Day One: Linda Gross v. Ethicon over Transvaginal Mesh
January 10, 2013 ~ Johnson & Johnson was on the defense this afternoon in the trial of a South Dakota woman who claims she is in perpetual pain due to defective transvaginal mesh (TVM).
Linda Gross, 47, from Watertown, South Dakota is represented by New Jersey-based attorney Adam Slater in the first of more than 1,900 cases filed there against Ethicon, a division of Johnson & Johnson (J&J).
Slater told jurors Gross has had 18 operations to try and repair the damage caused by the Gynecare Prolift polypropylene mesh she was implanted with in July 2006. Gross suffered from prolapse of her rectum into her vagina, called a rectocyle.
Courtroom View Network provided a video stream to MDND. Slater made reference to Gross who was standing in the back of the courtroom because she is unable to sit for any period of time. That makes it impossible for her to continue to work as a nurse, he told jurors. Even with early industry studies showing a failure rate of from 12 to 20 percent, that didn’t stop Ethicon from selling the defective mesh, he said.
“Let me tell you what they did after they failed, they acted as if nothing had happened,,, “They knew every single catastrophe before it happened…They knew Linda Gross was going to happen,” Slater told jurors.
Bypassed FDA Clearance
In 2005 Prolift was new on the market as a pre-cut kit complete with implant devices used to place the mesh through cuts in the groin area.
While any medical device is supposed to receive clearance to sell by the Food and Drug Administration (FDA) before it is marketed, Slater told jurors this new mesh was sold with no clearance.
“They went through the guidance documents and they decided was there was no significant difference between the Gynemesh and the Prolift so they didn’t need to do it. You’re going to hear they acted in good faith,” said Slater.
When Ethicon sought clearance for the next generation of transvaginal mesh, the Prolift +M, it cited the Prolift as a “predicate device,” one substantially equivalent. Under the 510(k) clearance procedure within the FDA, one need only cite a similar predicate to gain approval for most medical devices. It was then that the FDA discovered Prolift had been sold with no clearance. The FDA granted the Prolift approval in 2008, three years after it was sold, with no sanctions imposed.
“Would a reasonable doctor use a device that requires FDA clearance that doesn’t have it!? Of course not,” he said adding that the company never studied how to remove a mesh gone wrong.
Linda Gross had a series of pelvic surgeries to shore up her pelvic floor including sutures and her native tissue, so in 2006, when she was told the next generation of mesh would be an answer for her, she researched it. Gross found the Ethicon Prolift brochure online and saw the promises – it was revolutionary with a low rate of complications, it said.
“It’s not that they didn’t warn, they didn’t warn adequately,” about a defective device and the rate of complications. “You will be astounded at what they knew,” Slater promised.
By the afternoon, Ethicon attorney Christy D. Jones of the Butler, Snow law firm of Jackson Mississippi countered,“ The fact is Ethicon warned of potential complications associated with Prolift surgery from day one!”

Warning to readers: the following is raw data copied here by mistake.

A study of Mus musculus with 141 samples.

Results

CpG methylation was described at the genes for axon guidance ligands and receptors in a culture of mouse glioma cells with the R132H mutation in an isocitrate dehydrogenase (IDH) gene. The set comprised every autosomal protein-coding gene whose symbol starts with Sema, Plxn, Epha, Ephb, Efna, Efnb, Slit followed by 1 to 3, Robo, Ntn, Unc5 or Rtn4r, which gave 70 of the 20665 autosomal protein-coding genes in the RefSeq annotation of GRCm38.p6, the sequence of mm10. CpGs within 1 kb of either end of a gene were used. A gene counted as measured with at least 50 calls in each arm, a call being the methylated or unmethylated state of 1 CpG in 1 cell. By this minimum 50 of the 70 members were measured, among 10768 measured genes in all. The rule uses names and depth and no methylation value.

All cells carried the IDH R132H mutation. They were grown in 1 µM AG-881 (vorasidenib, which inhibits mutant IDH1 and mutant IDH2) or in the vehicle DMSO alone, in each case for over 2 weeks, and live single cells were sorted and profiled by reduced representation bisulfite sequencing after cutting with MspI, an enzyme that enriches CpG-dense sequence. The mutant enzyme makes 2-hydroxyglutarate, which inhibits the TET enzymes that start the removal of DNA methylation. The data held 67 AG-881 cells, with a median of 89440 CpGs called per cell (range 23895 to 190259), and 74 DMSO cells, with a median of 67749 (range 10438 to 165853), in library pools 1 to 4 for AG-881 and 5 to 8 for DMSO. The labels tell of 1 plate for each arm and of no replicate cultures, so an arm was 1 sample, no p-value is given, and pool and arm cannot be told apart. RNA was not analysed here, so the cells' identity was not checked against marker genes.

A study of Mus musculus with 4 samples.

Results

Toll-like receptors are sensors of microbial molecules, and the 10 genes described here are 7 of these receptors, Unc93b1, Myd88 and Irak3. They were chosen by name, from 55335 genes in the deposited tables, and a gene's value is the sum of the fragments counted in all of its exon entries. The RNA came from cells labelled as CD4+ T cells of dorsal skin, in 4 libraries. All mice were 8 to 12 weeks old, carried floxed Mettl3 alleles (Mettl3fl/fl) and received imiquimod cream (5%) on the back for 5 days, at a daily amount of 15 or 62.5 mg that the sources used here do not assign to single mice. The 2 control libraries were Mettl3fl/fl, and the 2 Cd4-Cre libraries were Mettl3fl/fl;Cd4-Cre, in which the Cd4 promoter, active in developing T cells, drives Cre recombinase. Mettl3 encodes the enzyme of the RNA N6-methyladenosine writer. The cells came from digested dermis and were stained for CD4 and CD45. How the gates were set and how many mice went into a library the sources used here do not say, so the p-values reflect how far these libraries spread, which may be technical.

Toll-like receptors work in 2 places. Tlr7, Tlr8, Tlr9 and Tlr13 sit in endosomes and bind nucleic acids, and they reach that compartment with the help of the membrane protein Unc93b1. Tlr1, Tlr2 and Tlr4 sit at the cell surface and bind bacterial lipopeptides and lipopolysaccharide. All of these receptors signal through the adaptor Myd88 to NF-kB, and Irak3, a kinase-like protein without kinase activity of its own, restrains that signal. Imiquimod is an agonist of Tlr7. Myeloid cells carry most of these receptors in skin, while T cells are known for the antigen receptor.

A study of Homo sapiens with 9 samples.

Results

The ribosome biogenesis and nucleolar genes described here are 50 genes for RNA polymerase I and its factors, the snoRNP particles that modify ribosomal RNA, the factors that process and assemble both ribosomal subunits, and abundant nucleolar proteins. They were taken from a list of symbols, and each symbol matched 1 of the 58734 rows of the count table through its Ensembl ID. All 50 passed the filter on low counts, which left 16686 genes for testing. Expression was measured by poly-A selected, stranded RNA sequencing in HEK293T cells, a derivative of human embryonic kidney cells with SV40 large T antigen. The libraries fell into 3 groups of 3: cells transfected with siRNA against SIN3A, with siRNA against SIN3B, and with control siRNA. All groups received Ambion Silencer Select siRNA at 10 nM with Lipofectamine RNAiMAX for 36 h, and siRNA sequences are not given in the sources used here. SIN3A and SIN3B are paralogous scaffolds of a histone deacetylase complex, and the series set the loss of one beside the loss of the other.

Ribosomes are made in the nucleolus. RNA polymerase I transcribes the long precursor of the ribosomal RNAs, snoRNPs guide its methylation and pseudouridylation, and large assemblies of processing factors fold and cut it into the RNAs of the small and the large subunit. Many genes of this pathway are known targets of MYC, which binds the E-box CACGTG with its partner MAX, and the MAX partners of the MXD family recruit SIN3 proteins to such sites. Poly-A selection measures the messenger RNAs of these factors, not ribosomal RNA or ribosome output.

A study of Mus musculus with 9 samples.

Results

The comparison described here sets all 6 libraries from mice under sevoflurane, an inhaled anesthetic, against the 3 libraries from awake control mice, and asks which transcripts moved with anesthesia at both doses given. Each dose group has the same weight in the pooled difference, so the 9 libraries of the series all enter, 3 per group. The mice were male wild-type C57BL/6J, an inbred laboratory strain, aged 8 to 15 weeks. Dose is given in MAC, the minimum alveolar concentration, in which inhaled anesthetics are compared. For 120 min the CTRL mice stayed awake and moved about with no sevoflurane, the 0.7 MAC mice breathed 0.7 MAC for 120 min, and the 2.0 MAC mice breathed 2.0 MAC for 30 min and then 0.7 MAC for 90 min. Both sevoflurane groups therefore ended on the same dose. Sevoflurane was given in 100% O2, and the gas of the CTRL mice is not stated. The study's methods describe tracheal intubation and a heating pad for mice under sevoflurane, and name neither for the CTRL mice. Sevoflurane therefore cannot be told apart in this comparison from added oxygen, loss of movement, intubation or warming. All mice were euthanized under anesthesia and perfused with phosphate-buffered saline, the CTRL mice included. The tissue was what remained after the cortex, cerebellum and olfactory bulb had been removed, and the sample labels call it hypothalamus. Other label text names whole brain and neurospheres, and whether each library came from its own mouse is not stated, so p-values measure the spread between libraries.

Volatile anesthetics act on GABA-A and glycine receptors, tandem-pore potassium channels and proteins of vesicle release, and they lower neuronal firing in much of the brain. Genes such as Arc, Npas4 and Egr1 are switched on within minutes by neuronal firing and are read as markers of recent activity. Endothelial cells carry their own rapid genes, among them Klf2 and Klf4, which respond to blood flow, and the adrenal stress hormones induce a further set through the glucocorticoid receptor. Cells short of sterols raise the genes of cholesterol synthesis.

With a mature voice and slightly southern accent,she assured jurors that at age 41, when she had the implant surgery, Gross already had medical problems. She had given birth to three children and two of which were difficult births; she had suffered stress urinary incontinence from 1990 to 2001, experienced pelvic organ prolapse after her hysterectomy and had problems defecating due to a bulging rectum. A number of surgeries involving native tissue and sutures had failed to resolve her problems. Jones added that any additional repairs using weakened tissues would likely have failed too.
“That’s the condition Ms. Gross was dealing with every time when she went to see her doctor in 2006. That’s the condition for which she got the Prolift.”
Jones told jurors polypropylene had safely been used in the body for over 50 years glossing over the fact that polypropylene was used to treat hernias, not in a woman’s pelvic region. Mesh is associated with a 95 percent success rate, she said, pointing to an “anatomic cure.”
An anatomic cure means the pelvic organs are back in their original place, but many mesh injured women argue that is not a cure if they are in chronic pain.
Even though she told jurors earlier in her opening argument that she had great sympathy for Ms. Gross, Jones went on to say that as a surgical nurse Gross understood the complications that can come from surgery.
“She had worked in a surgical suite and treated a patient who had hernia mesh repair. She was familiar with the potential complications.”
Jones added that even without mesh the medical literature is full of evidence of erosion, pelvic adhesion, dyspareunia, fistula formation and foreign body reaction, all before Prolift was marketed in 2005.
“For our purposes now I want you to simply know the proof will show Prolift never caused anything that wasn’t expressly warned about that Dr. V and Ms Gross were not expressly aware of in 2006.”
Last June, Johnson & Johnson announced it would remove the Prolift and three other vaginal meshes from the market. It continues to sell the Gynecare Gynemesh with a new, redesigned label. One year ago, the FDA ordered 35 mesh manufacturers to study the effects of synthetic mesh on patients. Many of those study plans are overdue, according to the FDA website.